Businesses are getting hammered by the economic side of the COVID-19 pandemic. Small and midsized businesses are especially vulnerable, since they don’t possess the cash cushion or political pull of their enterprise cousins. A decade ago, after the financial collapse that led to the Great Recession, I edited a collection of ideas for small businesses struggling to survive in brutal economic times. Now’s a good time to revisit and update some of the ideas from “Lessons from the Great Recession” and complement them with some newer ideas from other sources.
Cash is inevitably king in a time like this, and many of our “Great Recession” contributors focused on understanding, managing and hanging on to the precious cash you have. Serial entrepreneur and author Camille Rose focused on the importance of planning — especially getting a crystal-clear understanding of current and impending expenses. I like Entrepreneur’s recent advice about building or updating your cash flow budget with lists of both fixed costs that must be paid to “keep the doors open” and variable costs that might be reduced — especially those that aren’t generating cash.
Inevitably, many small businesses will face the awful prospect of reducing payroll. Entrepreneur points out the importance of tailoring the right mix of approaches; for example, maybe there’s room for furloughing people or reducing hours and sharing the pain rather than outright terminations (which will lead to unemployment claims that might increase your future costs).
In “Lessons from the Great Recession,” Corporate Turnaround CEO Jerry Silberman pointed out the importance of — and opportunities available for — negotiating debt. We’re already seeing large national retailers starting to work with real estate firms to do so: Landlords might prefer to take lower rent while a store or office is closed than to see a tenant walk away from a lease or declare bankruptcy. You might be able to do likewise.
If debt may loom as an issue, planning sooner, more realistically and more proactively is the only solution. It’s crucial to know the full extent of your exposure and think strategically about who to negotiate with and what to offer. Silberman recommended budgeting what you can legitimately afford to pay each creditor, rather than responding reactively to the collector who makes the scariest threats, calls the most often, charges the highest interest or is easiest to settle with.
Speaking of cash, a massive $2 trillion federal relief program has been passed. Many small businesses are in the habit of staying away from government programs, fearful of the paperwork and hassle. But there’s likely to be enough here for small businesses that you ought to spend some time making sure you get what you deserve. Learn more about this from New Jersey’s Small Business Association head on Tuesday.
As Rose and other entrepreneurs pointed out a decade ago, planning in the face of coronavirus may also involve repositioning your products and services. Today, the most obvious example is the need to transform a sit-down restaurant into a takeout/delivery service, or to add online commerce to a business that never offered it before.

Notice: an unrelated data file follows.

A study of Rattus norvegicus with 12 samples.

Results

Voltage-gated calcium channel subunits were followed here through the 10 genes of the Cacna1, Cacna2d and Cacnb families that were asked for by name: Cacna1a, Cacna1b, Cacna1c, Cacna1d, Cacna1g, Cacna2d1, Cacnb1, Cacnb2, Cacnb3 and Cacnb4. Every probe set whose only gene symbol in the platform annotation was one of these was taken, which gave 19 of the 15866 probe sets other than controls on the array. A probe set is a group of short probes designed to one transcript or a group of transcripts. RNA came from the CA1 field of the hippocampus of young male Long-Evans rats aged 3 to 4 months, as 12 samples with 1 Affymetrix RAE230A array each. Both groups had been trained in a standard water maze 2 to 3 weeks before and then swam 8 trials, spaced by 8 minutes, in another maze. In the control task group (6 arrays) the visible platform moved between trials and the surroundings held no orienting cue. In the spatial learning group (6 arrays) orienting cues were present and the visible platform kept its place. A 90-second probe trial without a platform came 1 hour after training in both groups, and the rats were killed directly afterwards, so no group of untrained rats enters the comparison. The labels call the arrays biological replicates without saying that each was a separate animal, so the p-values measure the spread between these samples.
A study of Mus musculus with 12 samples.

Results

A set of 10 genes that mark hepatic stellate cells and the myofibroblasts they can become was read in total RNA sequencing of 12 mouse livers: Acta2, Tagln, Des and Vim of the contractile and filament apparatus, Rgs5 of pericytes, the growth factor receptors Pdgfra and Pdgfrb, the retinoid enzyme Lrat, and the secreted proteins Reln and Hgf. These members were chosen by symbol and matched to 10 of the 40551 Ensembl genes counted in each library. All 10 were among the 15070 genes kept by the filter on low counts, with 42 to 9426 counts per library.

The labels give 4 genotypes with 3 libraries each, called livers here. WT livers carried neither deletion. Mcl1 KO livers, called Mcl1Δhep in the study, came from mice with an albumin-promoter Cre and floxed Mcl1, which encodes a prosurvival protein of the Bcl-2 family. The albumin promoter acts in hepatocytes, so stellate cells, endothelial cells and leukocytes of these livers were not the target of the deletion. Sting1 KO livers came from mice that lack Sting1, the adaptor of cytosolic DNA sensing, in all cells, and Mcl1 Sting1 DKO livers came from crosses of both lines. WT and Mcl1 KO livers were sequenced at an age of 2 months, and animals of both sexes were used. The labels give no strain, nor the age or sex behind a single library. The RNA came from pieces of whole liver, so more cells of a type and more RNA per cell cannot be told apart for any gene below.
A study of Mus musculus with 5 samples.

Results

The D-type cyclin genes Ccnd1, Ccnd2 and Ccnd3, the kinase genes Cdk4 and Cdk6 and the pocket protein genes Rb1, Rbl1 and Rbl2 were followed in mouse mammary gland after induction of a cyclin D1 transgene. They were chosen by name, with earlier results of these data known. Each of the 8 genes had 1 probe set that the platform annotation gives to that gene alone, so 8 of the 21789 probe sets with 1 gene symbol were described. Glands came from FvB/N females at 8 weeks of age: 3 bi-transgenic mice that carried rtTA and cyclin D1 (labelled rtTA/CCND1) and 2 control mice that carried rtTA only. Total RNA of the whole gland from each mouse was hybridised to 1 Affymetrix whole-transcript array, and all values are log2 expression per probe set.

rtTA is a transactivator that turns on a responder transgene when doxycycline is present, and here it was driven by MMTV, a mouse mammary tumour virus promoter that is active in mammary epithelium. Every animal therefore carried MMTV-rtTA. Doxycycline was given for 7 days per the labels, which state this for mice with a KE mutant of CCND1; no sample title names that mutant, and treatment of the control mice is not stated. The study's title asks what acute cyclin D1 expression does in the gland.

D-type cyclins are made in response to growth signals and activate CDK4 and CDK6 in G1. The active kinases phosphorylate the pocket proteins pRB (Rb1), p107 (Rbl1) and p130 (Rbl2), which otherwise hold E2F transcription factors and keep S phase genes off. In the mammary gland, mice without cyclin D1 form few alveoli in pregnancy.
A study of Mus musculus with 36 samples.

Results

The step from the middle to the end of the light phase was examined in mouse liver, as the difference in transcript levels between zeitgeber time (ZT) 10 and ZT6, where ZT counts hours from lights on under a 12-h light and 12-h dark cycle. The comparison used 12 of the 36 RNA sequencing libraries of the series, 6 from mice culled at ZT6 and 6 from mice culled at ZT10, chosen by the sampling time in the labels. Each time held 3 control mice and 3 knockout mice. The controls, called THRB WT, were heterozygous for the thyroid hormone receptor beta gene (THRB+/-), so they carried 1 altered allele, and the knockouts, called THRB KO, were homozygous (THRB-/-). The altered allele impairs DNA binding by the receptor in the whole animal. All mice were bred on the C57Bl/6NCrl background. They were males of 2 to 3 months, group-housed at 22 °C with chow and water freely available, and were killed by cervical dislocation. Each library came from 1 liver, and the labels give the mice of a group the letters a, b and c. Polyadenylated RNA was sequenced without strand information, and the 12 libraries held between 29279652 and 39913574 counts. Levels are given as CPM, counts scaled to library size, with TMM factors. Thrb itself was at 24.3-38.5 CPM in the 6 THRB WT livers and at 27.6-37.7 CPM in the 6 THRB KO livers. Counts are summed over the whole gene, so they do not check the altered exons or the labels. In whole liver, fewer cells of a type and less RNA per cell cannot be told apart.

We’re seeing service businesses ranging from psychotherapists to schools to dance and yoga studios moving their services online, via tools like Zoom. If that’s part of your plan, look for tips on doing that more effectively, so you can use today’s tools (hardware and software) to capture as much of the in-person experience as possible.
Whether you change your offerings or not, staying in close communication with your customers will be crucial — and that means regular, appropriate and honest communication (that doesn’t presume your business is the most important issue in their lives right now). Invite your customers to tell you what they really need from you right now. It might be something you can deliver that you’d never even thought about.
One contributor to the book pointed out that tough times can be opportunities for low-cost business acquisitions. True then, that’s likely to be true now, too. Competitors or complementary businesses may be reconsidering whether they want to continue at all — whether because they can’t get financing or for many other reasons. They might be acquirable (or willing to sell a customer list) at extremely low cost. Of course, as attorney Andrew Sherman pointed out then, tough times don’t change the need for scrupulous due diligence, clarity about what you’re trying to accomplish, and careful deal structuring and negotiation.
There will be better times at the other end of the coronavirus crisis — and, as Rieva Lesonsky put it a decade ago in “Lessons,” now’s the time to start planning for the recovery. As Mark Cuban notes, now may be the perfect time to fix the business problems you were too busy to deal with in better times. If you’ve needed a new website, start planning and building it now. If you’ve been intending to move to a cloud-based accounting or human resources system, consider doing it now.
More broadly, whether strategy recommends changing your product/service mix, acquiring a competitor or anything else, focus on what you want your business to look like (and be ready to accomplish) when everybody can safely re-emerge and start spending again. Because they will. And, when they do, you’ll still be an entrepreneur: definitely wiser and, ideally, more innovative, too. Learn more about leading in a crisis from one of the top business leaders on April 1.
James Barrood is the former head of the New Jersey Tech Council.